One day in 2010, when Leila Meacham was preparing for an event in Houston, her publicist told her to expect a famous visitor that night.
“He said, ‘Leila, I have to tell you that Barbara Bush’s staff have been on the phone with us all day. She is going to come to your book signing.’ I said, ‘Oh, right,’ ” Meacham recalls. Her debut novel, Roses, was already a best-seller, but the retired schoolteacher still hadn’t grasped her newfound renown. “It was five-thirty in Houston, so there’s traffic. It’s raining. It’s early February, so it’s cold. No eighty-year-old lady is going to come out on this kind of night to meet me. So I was at the bookstore, and all of a sudden, everything got quiet. I look up, and here comes Barbara Bush: the white hair, the pearls, the blue eyes. I stood up immediately and said, ‘Mrs. Bush!’ And she said, ‘Oh, sit back down! I’m the one who should rise to you. You’ve written a marvelous novel.’ ”
Meacham tells the story with giddy delight as she sits at a table at her local library inside the 410 loop in San Antonio, where she’s a regular. (“They help me find anything I need,” she says.) Actually, she’s thrilled to tell all sorts of stories about what has happened to her since the publication of Roses, which she started working on ten years into her retirement, when she was 65 years old. The book, a door-stopping saga of a Texas family that spans the bulk of the twentieth century, has, thanks to its heavy-breathing romance and historical sweep, drawn comparisons to Gone With the Wind, Giant, and The Thorn Birds.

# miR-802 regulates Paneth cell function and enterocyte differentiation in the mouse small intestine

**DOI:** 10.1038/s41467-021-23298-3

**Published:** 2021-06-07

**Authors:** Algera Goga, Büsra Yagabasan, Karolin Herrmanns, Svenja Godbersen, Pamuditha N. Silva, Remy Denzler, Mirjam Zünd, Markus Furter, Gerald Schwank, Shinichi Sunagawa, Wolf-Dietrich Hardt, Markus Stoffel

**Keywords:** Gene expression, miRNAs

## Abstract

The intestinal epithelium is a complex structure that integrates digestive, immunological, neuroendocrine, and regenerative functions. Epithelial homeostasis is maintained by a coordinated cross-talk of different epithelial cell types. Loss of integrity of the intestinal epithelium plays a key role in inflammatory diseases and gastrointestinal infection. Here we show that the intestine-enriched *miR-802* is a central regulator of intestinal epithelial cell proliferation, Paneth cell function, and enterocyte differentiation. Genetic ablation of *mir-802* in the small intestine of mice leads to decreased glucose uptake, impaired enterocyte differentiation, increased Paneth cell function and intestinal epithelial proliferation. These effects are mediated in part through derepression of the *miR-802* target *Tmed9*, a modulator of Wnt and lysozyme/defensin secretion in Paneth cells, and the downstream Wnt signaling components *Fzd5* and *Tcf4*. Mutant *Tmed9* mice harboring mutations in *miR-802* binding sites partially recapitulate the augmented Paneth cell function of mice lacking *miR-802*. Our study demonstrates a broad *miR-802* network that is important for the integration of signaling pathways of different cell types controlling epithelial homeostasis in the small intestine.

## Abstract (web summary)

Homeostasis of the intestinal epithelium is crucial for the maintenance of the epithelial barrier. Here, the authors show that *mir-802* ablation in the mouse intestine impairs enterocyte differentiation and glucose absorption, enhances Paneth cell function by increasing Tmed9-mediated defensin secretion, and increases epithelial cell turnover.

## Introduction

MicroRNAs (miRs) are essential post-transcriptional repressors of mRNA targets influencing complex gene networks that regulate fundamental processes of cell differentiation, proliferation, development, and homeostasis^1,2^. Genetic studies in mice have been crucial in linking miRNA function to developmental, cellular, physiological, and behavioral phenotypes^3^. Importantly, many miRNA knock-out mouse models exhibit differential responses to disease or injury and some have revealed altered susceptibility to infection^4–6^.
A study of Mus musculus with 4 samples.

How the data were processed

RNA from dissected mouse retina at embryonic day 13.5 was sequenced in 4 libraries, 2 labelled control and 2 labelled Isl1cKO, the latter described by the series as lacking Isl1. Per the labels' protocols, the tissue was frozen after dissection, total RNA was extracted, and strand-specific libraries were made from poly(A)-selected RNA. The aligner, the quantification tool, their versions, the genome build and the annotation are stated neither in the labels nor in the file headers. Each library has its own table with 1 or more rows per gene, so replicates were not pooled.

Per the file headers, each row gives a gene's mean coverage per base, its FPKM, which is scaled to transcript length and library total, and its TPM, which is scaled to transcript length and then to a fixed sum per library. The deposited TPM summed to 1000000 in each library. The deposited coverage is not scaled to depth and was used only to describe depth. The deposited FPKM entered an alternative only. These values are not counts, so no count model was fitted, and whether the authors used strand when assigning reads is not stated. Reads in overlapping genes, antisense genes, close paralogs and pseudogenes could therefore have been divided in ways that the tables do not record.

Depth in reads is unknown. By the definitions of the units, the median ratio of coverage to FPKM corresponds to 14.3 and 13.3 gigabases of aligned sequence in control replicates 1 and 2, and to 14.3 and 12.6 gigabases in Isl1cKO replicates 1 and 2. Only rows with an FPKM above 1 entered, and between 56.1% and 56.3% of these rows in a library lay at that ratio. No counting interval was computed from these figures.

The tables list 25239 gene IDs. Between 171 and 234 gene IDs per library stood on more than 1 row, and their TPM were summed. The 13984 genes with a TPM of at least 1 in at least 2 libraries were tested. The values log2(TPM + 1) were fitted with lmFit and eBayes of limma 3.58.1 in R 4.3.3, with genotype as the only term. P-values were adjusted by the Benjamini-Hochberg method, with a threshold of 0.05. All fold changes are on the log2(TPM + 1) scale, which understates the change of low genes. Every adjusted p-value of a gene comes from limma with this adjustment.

And as of February 4 it will have a prequel, Somerset, which starts in 1835 and brings the story up to 1900, when Roses begins. The manuscript so excited her publisher, Grand Central, that as soon as the editors there read it they made an offer to Meacham (who prefers to work without an advance contract), even though Hurricane Sandy was pummeling their New York offices and Meacham wasn’t exactly waiting by the phone for their call—she and her husband were on a cruise ship that was also caught in the hurricane.
“They called and made the deal while I was on this little dinky cellphone,” she says, laughing. “They had no power—just cellphones and flashlights. But they wanted that book! I later realized, ‘My name’s not on anything, so if I go down with this ship, they don’t own the book!’ ”
Meacham doesn’t take this surprise second act in her life all that seriously—she does a lot of laughing in the library—and isn’t above having a little fun with her readers. “Sometimes I’ll be at the airport bookstore and someone will be looking at a copy of Roses and suggest it to someone else,” she says. “And when the buyer goes up to the counter, I say, ‘Would you like me to sign that?’ ”
She laughs at that story too. And no wonder: these days, Leila Meacham is the famous visitor.